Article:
Second Circuit Affirms NLRB Decision Employers Won’t Like

Back in August 2014, we discussed an NLRB decision, which concluded that employees’ use of Facebook’s “like” button can constitute protected concerted activity under Section 7 of the National Labor Relations Act and that the employer’s termination of the employees was an unfair labor practice under the Act.┬áThe Second Circuit recently affirmed the NLRB’s decision.

As a refresher, the employer (Triple Play Sports Bar and Grille) had terminated two employees who posted on Facebook in response to an ex-employee’s post complaining Triple Play’s owners had messed up the ex-employee’s tax paperwork. Triple Play Sports Bar and Grill, 361 NLRB No. 31 (2014). One of the terminated employees had posted a comment that referred to an owner as an “a**hole” and the other terminated employee had “liked” the ex-employee’s tax paperwork complaint post. The NLRB determined that that the terminations were an unfair labor practice because they were made in response to the employees’ protected, concerted activity.

On appeal to the Second Circuit, Triple Play contended that the two terminated employees’ posts contained obscenities that were viewed by customers; and, therefore, the posts were so disloyal and or defamatory as to lose the protection of the NLRA under the Second Circuit’s prior decision in NLRB v. Starbucks Corp., 679 F.3d 70, 77 (2d Cir. 2012) (remanding an NLRB Order for reconsideration of the proper standard to apply when analyzing an employee’s utterance of obscenities in the presence of customers). The Second Circuit disagreed.

In addressing Triple Play’s contention that the Starbucks decision suggested “most or all” employees using obscenities in the workplace in the presence of customers would lose NLRA protection, the Second Circuit clarified that it had remanded the Starbucks case only because the Board decision there did not reflect any analysis or explanation for seemingly disregarding the employer’s concerns regarding the employee’s use of obscenities in front of customers. In the present case, the Second Circuit noted that the Board in fact had relied on prior Board and court precedents to conclude the terminated employees did not engage in disloyal conduct.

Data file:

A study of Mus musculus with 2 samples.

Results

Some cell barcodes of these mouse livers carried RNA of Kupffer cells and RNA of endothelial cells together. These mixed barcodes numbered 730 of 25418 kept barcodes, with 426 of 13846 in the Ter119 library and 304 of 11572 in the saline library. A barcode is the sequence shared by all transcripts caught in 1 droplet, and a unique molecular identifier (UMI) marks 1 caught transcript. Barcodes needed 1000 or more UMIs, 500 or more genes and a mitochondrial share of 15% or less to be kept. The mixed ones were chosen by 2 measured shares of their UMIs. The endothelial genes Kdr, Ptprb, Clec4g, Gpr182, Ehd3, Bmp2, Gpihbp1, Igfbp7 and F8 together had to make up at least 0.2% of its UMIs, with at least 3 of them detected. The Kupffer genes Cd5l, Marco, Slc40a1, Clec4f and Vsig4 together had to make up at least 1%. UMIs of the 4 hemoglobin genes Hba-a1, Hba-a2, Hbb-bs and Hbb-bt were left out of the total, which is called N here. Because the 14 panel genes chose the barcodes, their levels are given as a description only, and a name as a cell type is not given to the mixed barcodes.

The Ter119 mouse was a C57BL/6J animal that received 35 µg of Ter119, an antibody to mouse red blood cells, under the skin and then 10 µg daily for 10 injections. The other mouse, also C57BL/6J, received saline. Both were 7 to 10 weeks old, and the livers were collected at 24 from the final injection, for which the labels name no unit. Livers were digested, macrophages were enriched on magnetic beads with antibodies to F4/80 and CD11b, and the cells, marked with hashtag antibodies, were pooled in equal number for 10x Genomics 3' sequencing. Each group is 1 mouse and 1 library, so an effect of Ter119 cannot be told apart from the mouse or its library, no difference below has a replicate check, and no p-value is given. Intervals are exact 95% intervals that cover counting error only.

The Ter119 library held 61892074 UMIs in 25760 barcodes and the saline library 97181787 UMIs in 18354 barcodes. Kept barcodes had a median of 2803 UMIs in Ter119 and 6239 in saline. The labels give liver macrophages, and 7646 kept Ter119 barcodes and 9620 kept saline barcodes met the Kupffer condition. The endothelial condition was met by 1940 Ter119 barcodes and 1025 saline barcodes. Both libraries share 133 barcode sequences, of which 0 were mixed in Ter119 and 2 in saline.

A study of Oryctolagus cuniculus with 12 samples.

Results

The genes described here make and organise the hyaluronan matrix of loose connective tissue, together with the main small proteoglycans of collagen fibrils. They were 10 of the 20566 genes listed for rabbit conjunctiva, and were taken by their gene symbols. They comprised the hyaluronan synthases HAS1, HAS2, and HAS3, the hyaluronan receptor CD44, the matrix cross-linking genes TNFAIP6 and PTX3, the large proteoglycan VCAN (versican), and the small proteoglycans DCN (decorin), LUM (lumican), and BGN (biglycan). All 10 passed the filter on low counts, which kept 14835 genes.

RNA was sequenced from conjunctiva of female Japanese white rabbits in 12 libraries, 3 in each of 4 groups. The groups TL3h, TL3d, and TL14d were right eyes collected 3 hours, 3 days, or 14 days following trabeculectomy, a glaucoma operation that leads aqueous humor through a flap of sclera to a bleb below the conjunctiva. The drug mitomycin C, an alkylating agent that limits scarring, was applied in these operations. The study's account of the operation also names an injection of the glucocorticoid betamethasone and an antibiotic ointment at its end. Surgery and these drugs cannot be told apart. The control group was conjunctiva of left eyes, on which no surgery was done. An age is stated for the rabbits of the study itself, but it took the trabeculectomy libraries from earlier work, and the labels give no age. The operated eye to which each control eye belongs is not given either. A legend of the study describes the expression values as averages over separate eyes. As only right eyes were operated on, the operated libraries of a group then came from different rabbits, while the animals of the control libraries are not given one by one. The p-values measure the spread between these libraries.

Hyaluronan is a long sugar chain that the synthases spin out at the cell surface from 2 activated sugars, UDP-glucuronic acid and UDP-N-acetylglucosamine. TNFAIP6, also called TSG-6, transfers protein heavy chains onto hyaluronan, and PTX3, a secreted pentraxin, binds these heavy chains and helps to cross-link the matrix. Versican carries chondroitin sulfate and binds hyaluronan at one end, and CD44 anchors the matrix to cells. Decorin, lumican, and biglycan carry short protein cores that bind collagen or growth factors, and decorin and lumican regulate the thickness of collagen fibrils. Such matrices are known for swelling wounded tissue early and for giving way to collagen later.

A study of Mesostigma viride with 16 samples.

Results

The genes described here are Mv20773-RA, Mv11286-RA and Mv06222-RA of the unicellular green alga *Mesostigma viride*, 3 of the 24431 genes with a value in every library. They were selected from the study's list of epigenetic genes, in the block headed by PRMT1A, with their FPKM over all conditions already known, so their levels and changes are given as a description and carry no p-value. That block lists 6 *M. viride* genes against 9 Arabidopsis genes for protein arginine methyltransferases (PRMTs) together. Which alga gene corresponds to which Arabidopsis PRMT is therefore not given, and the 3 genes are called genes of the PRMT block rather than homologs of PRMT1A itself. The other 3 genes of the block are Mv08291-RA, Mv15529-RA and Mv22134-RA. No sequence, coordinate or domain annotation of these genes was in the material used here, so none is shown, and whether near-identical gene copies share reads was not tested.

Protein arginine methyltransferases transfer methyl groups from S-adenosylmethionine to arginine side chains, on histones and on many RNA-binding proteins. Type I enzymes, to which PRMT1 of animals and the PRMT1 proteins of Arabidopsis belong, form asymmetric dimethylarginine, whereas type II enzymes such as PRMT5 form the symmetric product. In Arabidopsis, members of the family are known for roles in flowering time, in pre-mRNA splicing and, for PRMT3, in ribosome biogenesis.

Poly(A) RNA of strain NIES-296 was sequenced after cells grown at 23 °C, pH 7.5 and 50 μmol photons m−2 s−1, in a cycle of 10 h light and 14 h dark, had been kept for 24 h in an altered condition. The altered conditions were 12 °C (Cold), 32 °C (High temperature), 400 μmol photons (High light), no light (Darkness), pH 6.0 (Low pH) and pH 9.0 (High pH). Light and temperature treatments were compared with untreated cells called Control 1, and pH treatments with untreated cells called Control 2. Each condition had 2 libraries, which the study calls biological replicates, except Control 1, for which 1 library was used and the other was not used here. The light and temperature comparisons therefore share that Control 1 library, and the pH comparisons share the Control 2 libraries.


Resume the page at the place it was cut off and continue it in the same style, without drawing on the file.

The Second Circuit also explained that to accept Triple Play’s contention that Starbucks should apply because the Facebook posts took place in the presence of customers (i.e., publicly online) “could lead to the undesirable result of chilling virtually all employee speech online” as almost all employee Facebook posts have at least some potential to be viewed by customers.

Although not favorable for employers, the Second Circuit’s decision should be viewed as having limited applicability. The decision did not establish that an employee’s use of Facebook’s “like” button always constituted protected activity or that employees could state obscenities in front of customers in any situation with impunity. Rather, the decision was limited to the facts of this situation, in which it was undisputed that the ex-employee’s original post regarding the tax paperwork complaint was NLRA-protected activity.

Therefore, as we previously have emphasized, the primary takeaway for employers is that they should continue to exercise caution before disciplining employees who either complain or endorse complaints about working conditions or terms on social media, particularly when those complaints are directed at management (and not customers or vendors).